NASA gears for the historic return of asteroid Bennu’s sample

The sample return capsule is on its way back to Earth and will land in the Utah desert on September 24, 2023.
Mrigakshi Dixit
Asteroid Bennu.
Asteroid Bennu.


In 1999, astronomers discovered Bennu (101955 Bennu), a small near-Earth asteroid. Almost decades later, an Earth-bound spacecraft touched down on the asteroid's surface. On October 20, 2020, NASA's OSIRIS-REx spacecraft successfully descended to the surface and collected dust and rocks. 

This ancient relic contains information about the early days of our solar system. According to NASA, organic molecules in Bennu's soil could shed light on the origins of life on Earth.

Scientists eagerly await the spacecraft's sample return of Bennu to unravel the past secrets. The return capsule is on its way back to Earth and will land in the Utah desert on September 24, 2023. 

Although the mission is still months away, the team has begun careful rehearsals to recover samples. NASA is going to great lengths to recover the samples from this daring mission.

If successful, it will be United States' first mission to return an asteroid sample to Earth.

Protecting the sample from contamination 

Returning samples is one of the most difficult challenges of this entire mission. And precision is critical to the success of this mission, particularly the spacecraft's return trajectory and sample capsule recovery. The computer models will help to plan navigation in case of any unprecedented situation arising from weather, solar activity, or even space debris on the return path. This constant monitoring will ensure that the capsule enters the Earth's atmosphere safely.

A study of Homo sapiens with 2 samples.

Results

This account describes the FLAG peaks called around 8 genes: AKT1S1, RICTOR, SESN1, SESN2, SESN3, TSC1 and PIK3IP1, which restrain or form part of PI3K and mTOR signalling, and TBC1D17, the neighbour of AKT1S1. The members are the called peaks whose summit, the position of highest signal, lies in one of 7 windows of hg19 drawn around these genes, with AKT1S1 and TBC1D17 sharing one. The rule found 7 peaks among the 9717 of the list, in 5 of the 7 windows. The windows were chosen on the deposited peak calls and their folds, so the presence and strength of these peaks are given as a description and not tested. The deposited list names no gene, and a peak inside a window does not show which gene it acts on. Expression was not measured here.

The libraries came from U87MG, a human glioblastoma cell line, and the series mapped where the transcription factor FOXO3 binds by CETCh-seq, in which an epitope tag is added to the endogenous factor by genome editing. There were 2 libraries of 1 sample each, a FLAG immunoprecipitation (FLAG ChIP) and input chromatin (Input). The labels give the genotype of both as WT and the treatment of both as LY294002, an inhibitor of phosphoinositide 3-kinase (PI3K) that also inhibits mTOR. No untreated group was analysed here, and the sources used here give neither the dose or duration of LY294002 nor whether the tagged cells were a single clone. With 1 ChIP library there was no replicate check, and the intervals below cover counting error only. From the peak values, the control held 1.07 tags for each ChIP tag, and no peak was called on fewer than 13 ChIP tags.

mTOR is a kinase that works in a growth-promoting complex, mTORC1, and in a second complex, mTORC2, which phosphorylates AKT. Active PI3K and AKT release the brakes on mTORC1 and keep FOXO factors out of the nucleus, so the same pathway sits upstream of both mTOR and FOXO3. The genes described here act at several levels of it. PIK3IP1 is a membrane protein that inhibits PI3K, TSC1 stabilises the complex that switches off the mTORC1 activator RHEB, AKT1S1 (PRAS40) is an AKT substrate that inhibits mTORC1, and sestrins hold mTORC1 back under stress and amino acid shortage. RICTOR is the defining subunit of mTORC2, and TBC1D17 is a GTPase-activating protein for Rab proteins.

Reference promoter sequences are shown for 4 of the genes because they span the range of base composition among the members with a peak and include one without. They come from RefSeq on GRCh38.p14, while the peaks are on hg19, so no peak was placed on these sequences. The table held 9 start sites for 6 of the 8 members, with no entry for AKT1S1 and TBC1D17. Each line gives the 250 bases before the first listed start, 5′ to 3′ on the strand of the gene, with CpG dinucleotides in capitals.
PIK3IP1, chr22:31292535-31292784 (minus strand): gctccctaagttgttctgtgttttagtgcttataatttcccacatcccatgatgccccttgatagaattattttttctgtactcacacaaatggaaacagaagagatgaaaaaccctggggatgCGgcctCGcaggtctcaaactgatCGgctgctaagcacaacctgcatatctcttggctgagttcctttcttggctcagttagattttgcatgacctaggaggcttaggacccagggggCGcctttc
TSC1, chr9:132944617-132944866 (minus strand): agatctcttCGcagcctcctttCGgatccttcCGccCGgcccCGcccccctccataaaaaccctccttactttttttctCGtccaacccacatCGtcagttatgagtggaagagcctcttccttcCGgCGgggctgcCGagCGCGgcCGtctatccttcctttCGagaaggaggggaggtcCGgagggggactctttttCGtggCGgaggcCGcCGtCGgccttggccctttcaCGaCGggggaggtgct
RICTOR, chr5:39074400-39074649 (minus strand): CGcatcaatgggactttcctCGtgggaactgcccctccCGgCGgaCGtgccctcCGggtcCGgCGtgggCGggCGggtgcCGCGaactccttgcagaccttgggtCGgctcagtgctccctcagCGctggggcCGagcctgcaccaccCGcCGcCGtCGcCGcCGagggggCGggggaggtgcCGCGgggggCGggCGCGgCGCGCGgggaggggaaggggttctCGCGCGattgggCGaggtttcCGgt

The team will perform a parachute landing in the Utah desert after the capsule is released from the spacecraft. It will take nearly 13 minutes to land inside the designated area.

During this entire process, the sample capsule needs to be protected from heat, vibrations, and earthly contaminants. 

The sense of urgency is to protect the samples from contamination, as the material must be studied in pristine condition. “There are two things pervasive on Earth: water and biology. Both can severely alter meteorites when they land on the ground and muddle the story told by the sample’s chemistry and mineralogy. A pristine sample could provide insights into the development of the solar system,” said Dr. Jason Dworkin, OSIRIS-REx project scientist at NASA Goddard, in the statement.

Sample to be shifted at a newly built lab

The mission teams in Colorado and Utah have been working on steps to protect the samples from contamination, as well as the safe recovery of the capsule. Following the touchdown, the team will analyze soil and air samples from the capsule's landing area to look for any contaminants. 

After the recovery, the material will be safely stored at the new lab built at NASA’s Johnson Space Center in Houston. The center team is practicing their procedure for unpacking and processing the sample inside glove boxes. 

It is estimated that the capsule will hold about a cup of Bennu's material. Following careful unpacking, the sample will be divided and distributed to the team and other scientists for scientific examination. Some of it would be saved for future research.